Buckwheat is the common name of several plants in the Polygonaceae family. The genera of this family include Fagopyrum, Erigonum, and Fallopia. Erigonum and Fallopia are referred to as “wild buckwheat,” whereas Fagopyrum is “common buckwheat.” Despite the name, common buckwheat (Fagopyrum esculentum and
Fagopyrum sagittatum in North America) is not related to wheat (Triticum), nor is it a cereal or a grass. It instead is a seed that is considered a pseudocereal. It is used in much the same way as cereals, including grinding the seeds into flour, but it is a broadleaf plant unrelated to cereal plants. Eriogonum is a common chaparral that grows throughout the western United States. It is especially common in California.
Common buckwheat (Fagopyrum), which accounts for 90 percent of the world’s production of buckwheat, is a fast-growing, broad-leafed plant that typically begins to produce seed in 6 weeks and ripens at 10 to 11 weeks. Common buckwheat plants grow to about 30 to 50 inches in height. They contain five-petaled flowers, which appear in 25 to 30 days. Plants have a fibrous superficial root and deep taproots.
The optimal climate for growing buckwheat is moist and cool, but it is sensitive to frost, which can kill the crop. If temperatures become too high and the air too dry, flowers may blast forth, preventing seed formation. Buckwheat can grow far north and at various altitudes and enjoys a variety of soil types. It grows well in infertile, poorly drained soils as long as the climate is moist and cool. Germination occurs at temperatures of 45°F to 105°F. One cup of buckwheat seeds, about 170 grams, contains only 154 calories, 34 percent of the recommended daily allowance of manganese, 25 percent of the amino acid tryptophan, 21.4 percent of magnesium, 18.1 percent of fiber, and 12.5 percent of copper. Buckwheat lowers insulin and glucose in the body and may protect against diabetes.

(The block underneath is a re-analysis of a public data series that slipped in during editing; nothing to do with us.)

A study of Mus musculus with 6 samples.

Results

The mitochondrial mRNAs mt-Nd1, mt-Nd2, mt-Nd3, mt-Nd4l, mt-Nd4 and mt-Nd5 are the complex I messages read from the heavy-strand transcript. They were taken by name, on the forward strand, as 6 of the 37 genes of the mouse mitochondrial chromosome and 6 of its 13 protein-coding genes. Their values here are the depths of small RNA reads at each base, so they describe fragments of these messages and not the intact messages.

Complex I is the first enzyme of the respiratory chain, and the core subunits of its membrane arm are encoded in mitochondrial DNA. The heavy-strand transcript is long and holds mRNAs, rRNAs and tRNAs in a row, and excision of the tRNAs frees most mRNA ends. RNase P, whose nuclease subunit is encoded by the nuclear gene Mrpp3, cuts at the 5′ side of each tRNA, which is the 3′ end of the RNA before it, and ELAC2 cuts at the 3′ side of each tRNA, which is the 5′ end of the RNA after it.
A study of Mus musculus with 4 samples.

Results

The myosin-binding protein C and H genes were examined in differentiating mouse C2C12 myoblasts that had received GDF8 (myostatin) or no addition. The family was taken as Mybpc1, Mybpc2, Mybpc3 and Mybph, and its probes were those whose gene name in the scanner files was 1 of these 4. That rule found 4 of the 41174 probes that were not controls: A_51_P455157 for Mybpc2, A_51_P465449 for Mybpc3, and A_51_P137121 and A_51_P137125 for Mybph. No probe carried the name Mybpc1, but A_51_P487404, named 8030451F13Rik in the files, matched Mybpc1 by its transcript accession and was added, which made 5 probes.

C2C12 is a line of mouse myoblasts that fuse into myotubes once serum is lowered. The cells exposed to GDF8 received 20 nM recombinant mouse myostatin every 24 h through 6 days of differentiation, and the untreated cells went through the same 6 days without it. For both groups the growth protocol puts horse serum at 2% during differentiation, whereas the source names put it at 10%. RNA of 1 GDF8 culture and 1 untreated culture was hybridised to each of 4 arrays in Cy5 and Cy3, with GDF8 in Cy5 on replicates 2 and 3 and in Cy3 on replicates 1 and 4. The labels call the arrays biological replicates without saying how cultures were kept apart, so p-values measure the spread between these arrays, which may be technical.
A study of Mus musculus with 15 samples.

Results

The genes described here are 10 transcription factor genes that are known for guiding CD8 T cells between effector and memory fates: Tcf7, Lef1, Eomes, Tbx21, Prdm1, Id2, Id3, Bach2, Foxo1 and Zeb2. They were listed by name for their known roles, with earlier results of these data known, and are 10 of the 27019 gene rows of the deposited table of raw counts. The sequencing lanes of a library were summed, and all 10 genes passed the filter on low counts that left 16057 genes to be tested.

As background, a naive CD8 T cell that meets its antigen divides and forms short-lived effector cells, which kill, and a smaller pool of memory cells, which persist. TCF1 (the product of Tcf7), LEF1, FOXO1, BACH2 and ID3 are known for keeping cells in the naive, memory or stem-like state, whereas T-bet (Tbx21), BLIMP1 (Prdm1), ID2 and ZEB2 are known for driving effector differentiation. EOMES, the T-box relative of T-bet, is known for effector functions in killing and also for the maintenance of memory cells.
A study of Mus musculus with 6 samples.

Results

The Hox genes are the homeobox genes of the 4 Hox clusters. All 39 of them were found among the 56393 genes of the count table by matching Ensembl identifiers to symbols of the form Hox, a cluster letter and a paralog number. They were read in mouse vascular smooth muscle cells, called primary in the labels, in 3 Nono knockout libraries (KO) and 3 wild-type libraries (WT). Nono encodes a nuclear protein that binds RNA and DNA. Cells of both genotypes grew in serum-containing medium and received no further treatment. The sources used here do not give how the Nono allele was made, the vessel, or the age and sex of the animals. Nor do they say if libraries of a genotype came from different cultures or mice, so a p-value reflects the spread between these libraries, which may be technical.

Buckwheat has been grown in North America since colonial times. It was a common crop on farms of the northeast and north-central states. Peak U.S. production occurred in the mid-19th century, when the crop was used primarily as livestock feed and in the production of flour. One century later the crop was grown on only 50,000 acres of U.S. land, with the leading producers being New York and Pennsylvania in the East and Michigan, Minnesota, Wisconsin, and North Dakota in the upper Midwest. Today, Canada grows more buckwheat than the United States. Buckwheat gained a resurgence in popularity in the mid-1970s in step with the rising demand for commercially prepared breakfast cereals. Buckwheat was also shipped to Japan at this time to be used in the production of buckwheat noodles. The upsurge in buckwheat’s popularity coincided with the release of statistics compiled by the U.S. Department of Agriculture’s Agricultural Research Service that claimed that the amino acid composition in buckwheat made it superior in nutritional value to all types of cereal, including wheat and oats. This information boosted sales of the product. At the beginning of the 20th century, Russia was the world’s leader in buckwheat production, where 6.5 million acres of land was devoted to growing the crop. China took over as the world’s production leader until 2005, when Russia again resumed the title.